When Mike Tyson laced up his boxing gloves for the first time as a professional in 1985 at the Empire State Plaza Convention Center in Albany, he understood the importance of the moment – even at 18 years old.
“I wanted to be there and I wanted to be spectacular,” Tyson said Friday. “It was the most intense moment of my life because that first fight had to be spectacular.”
Wearing white trunks instead of the black ones that became his trademark, Tyson knocked out Hector Mercedes just 1 minute and 47 seconds into his pro debut with savage body punches that made Mercedes crumple into a corner.
So began one of the most dynamic, fearsome and publicized careers in pro boxing history. Thirty-seven years after that fight, Tyson is returning to the convention center on Saturday to preside over “Mike Tyson’s Fight Night,” a mixed martial arts card of 14 amateur fights that begin at 4 p.m.. Tyson will provide the livestream commentary on stimulus.com.
Looking grandfatherly with a white beard, Tyson still showed a powerful build in a white tennis shirt and dark shorts during Friday’s weigh-in in the hotel lobby of the Rivers Casino & Resort.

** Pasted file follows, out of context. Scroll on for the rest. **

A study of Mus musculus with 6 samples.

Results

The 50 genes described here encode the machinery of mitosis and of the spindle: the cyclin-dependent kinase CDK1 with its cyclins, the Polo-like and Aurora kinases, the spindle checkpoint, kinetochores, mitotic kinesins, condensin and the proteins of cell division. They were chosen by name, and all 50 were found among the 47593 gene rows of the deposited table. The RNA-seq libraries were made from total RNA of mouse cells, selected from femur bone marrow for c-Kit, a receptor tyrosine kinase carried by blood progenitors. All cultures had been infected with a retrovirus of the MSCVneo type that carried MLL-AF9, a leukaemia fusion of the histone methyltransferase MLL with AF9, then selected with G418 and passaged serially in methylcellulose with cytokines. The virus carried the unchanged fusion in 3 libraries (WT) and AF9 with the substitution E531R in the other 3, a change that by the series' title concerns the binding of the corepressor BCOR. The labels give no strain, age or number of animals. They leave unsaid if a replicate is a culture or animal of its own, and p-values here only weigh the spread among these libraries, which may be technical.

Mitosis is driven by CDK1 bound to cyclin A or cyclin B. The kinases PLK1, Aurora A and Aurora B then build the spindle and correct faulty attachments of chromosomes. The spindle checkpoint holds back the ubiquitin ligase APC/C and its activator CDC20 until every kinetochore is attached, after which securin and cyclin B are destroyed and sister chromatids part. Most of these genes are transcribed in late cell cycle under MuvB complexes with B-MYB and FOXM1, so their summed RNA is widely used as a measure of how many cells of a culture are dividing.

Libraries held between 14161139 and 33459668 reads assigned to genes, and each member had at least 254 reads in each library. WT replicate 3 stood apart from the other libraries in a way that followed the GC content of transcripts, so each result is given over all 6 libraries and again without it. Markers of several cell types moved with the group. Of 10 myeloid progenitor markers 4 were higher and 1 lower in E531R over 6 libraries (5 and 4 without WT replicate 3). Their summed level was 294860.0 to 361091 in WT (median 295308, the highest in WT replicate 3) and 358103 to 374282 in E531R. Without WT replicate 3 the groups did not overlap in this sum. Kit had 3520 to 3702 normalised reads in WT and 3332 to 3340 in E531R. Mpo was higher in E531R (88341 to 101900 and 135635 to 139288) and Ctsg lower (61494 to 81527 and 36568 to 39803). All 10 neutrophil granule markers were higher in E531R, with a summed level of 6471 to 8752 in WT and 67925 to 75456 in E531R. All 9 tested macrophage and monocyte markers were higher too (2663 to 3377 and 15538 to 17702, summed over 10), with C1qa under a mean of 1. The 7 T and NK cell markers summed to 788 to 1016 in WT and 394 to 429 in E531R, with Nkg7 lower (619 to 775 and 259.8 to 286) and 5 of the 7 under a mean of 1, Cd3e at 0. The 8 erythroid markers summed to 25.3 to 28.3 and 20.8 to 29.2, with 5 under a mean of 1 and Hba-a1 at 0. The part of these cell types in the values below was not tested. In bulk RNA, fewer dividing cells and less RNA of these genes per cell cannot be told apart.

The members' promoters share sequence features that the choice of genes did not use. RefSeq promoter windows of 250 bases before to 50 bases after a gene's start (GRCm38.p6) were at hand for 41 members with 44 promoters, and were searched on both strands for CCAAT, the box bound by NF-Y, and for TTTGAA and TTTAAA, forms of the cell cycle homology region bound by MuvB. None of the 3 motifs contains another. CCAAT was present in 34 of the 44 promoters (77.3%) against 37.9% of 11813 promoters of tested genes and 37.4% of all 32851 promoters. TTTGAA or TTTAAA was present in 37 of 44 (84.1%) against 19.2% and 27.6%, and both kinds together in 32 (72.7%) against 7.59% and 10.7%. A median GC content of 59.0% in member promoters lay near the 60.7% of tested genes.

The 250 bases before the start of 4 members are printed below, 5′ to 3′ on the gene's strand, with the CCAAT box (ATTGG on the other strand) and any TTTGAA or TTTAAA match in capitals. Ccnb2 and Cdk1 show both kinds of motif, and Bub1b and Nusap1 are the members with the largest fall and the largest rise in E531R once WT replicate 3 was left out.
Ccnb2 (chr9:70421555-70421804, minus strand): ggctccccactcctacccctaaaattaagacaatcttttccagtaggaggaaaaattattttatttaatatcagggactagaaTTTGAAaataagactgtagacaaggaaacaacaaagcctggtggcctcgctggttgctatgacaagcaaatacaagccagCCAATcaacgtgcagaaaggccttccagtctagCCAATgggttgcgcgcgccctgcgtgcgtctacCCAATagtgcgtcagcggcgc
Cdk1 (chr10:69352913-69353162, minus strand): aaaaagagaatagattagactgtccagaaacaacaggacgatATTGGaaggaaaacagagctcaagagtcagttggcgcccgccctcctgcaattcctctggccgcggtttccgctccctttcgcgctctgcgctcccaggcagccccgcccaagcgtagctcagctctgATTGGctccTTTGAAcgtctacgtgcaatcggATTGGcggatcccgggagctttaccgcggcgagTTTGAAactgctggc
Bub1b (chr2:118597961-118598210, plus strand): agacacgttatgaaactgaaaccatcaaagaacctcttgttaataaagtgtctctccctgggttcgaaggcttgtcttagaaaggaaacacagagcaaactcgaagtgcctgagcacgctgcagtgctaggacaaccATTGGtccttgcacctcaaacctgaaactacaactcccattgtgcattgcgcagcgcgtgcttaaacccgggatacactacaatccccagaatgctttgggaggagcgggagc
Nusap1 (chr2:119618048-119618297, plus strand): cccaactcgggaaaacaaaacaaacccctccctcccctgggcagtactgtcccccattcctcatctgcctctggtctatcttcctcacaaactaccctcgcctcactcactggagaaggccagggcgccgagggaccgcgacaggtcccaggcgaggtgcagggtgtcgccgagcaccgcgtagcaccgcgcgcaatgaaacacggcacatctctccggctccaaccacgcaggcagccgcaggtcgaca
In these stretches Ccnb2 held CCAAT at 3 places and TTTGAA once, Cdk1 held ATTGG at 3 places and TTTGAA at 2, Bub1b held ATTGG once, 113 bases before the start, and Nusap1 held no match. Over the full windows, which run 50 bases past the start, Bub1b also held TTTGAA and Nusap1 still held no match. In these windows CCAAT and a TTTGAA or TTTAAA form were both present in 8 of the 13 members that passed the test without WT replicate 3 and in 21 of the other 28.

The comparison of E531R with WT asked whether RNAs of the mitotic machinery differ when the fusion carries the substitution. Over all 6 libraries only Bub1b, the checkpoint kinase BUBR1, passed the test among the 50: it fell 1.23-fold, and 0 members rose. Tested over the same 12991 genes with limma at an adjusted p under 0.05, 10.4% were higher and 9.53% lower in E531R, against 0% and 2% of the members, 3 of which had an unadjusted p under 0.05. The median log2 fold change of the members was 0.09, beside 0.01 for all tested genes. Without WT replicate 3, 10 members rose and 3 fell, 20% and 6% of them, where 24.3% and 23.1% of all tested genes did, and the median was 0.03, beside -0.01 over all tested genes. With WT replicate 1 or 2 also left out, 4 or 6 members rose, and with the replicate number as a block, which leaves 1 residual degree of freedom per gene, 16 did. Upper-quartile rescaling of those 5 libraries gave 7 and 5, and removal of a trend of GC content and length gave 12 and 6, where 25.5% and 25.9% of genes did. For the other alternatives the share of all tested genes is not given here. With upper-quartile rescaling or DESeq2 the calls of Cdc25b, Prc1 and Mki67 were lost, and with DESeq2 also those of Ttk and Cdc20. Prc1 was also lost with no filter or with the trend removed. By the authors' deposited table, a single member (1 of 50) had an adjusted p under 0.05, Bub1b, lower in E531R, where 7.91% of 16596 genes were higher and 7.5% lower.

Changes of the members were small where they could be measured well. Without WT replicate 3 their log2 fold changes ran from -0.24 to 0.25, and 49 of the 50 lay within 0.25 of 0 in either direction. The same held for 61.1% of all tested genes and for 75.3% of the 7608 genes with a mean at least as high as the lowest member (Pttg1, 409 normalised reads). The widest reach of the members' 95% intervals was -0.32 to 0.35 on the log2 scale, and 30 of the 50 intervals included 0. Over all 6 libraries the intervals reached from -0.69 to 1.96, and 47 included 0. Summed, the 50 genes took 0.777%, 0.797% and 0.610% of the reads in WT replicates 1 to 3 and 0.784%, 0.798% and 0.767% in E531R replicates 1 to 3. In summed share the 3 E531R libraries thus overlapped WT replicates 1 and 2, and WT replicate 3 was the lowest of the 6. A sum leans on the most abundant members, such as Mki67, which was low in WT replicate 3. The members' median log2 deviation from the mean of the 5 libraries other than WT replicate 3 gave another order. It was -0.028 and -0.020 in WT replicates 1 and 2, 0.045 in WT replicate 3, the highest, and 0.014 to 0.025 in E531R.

Tyson, 56, said it is “very humbling” to return to where his pro career began.
“I can’t be a big shot here,” Tyson said to audience laughter. “Very humbling. I’m happy to be here. I’m looking at friends from my childhood, guys that we used to go hang out with after fights, or go in bars, go on dates and now we’re all grandfathers. I’m grateful to be that, but it just happened so fast.”
Among those at the weigh-in was Bobby Stewart, who first taught Tyson to box at 13 years old at the since-closed Tryon School for Boys in Johnstown. Stewart then referred Tyson to legendary trainer Cus D’Amato, based in Catskill, who helped mold Tyson into the fighter who would become the youngest heavyweight champion at 20 years old in 1986. D’Amato didn’t live to see it. He died in November 1985 at 77 years old.
Asked if he wished he had done anything differently, Tyson responded, “I wish I had Cus D’Amato with me.”
Tyson had depressing lows to go with the exhilarating highs of his 50 victories, including 37 straight to start his career, and 44 knockouts. He was convicted of rape in 1992, serving a three-year prison sentence, and filed for bankruptcy in 2003.
But Stewart, who raved about Tyson’s work ethic to overcome a difficult childhood, admired the man he’s grown into.
“So mature now,” Stewart said. “So negative at one point, but he’s so positive now. I can see him helping other people, and that’s great. I often said to him, we should go and talk to kids. It’s all work ethic. A teacher’s got to find something a kid likes and hold it over their head. … How much better of an example can you have than (Tyson)?”